The Umpqua Community College attack is the 294th mass shooting in the US this year.
This morning, I turned on my TV to see that 13 people had been brutally murdered overnight. And I just continued drinking my coffee without feeling much of anything. At all.
My reaction to this latest US mass shooting at Umpqua Community College in Oregon might seem callous – but this wasn’t always the case.
I remember in Year 7 feeling physically sick when I heard about the Columbine High School massacre.
And with every horrifying mass shooting that followed, I had the same visceral reaction.
Since then, I’ve cried over the Sandy Hook Elementary School shooting in 2012, which killed 20 children and 6 adults.
I struggled to comprehend the terror of the victims of the Aurora cinema shooting, which took 12 lives and injured another 70.
And my blood ran cold when I saw the images of the reporter and cameraman who were shot live on air in August.
At some point, my feelings of shock and despair and horror following each senseless mass shooting turned to something else – anger. Burning anger. At American politicians and gun lobbyists and the countless ordinary people who keep insisting that “guns don’t kill people, people do.”
But now? All that horror and anger has finally become apathy.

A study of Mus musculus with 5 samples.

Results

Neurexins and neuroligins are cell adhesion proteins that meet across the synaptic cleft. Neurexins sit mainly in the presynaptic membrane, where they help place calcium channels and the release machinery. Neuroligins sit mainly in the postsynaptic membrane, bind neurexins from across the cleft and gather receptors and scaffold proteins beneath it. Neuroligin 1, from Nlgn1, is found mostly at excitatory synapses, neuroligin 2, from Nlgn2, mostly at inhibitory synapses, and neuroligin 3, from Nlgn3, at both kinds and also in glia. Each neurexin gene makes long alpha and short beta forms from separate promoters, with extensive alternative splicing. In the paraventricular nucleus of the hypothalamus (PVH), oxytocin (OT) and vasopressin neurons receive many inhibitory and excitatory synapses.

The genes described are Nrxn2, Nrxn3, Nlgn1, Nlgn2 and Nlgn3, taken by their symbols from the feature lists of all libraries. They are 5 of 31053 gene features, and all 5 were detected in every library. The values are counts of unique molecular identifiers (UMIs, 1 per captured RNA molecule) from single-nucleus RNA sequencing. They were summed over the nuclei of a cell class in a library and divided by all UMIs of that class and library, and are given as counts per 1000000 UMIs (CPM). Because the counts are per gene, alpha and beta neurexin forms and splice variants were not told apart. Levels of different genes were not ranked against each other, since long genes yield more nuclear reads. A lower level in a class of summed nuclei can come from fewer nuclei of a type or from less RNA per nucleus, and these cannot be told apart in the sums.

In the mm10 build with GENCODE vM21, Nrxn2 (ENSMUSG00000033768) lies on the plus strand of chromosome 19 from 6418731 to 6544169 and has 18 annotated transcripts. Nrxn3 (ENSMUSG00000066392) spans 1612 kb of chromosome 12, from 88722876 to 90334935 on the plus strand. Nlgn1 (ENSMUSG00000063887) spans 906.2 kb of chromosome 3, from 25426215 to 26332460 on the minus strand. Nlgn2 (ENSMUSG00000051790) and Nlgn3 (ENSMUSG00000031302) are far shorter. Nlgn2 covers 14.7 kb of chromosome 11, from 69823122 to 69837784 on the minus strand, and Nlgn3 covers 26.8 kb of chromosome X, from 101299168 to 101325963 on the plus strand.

Because this incident marks the 45th US school shooting THIS YEAR alone.
It’s the 142nd school shooting since Sandy Hook, and the 294th mass shooting for 2015.
And it has added 13 new names to the gun violence death toll that keeps climbing, and climbing, and climbing.
Those bleak numbers are why I feel numb instead of devastated by this attack. This is why it’s hard to feel much of anything for a country that steadfastly refuses to fix a problem that is so glaringly obvious to the rest of the world.
Every time a mass shooting happens, US politicians bring out the same old platitudes: “Our thoughts and prayers are with the victims.” “We’re praying for the families affected by this tragedy.”
Well, guess what? Thoughts and prayers do bugger all for a mother who has to bury her six-year-old who was shot dead at kindergarten. Thoughts and prayers don’t help kids who are left orphaned because politicians don’t have the guts to tighten gun laws for once and for all. Thoughts and prayers don’t do anything to move the countless unhinged nutjobs who stand by their right to bear arms – at any cost.
Around 10,000 Americans are killed per year by gun attacks, while virtually zero have been killed by terrorism since 9/11. And yet, more than a trillion dollars have been spent trying to prevent terrorist attacks in the US, while all the gun problem gets is “thoughts and prayers”.
Today, Obama himself touched on this apathy. He said: “Somehow this has become routine. The reporting is routine. My response, here, at this podium, ends up being routine. The conversation in the aftermath of it. We’ve become…numb to this.” Obama is spot on, and that feeling of numbness is a tragedy in itself.
How many more kids and spouses and parents and friends have to be gunned down before people finally act?
Enough. Just enough.
What do you think of America’s gun laws?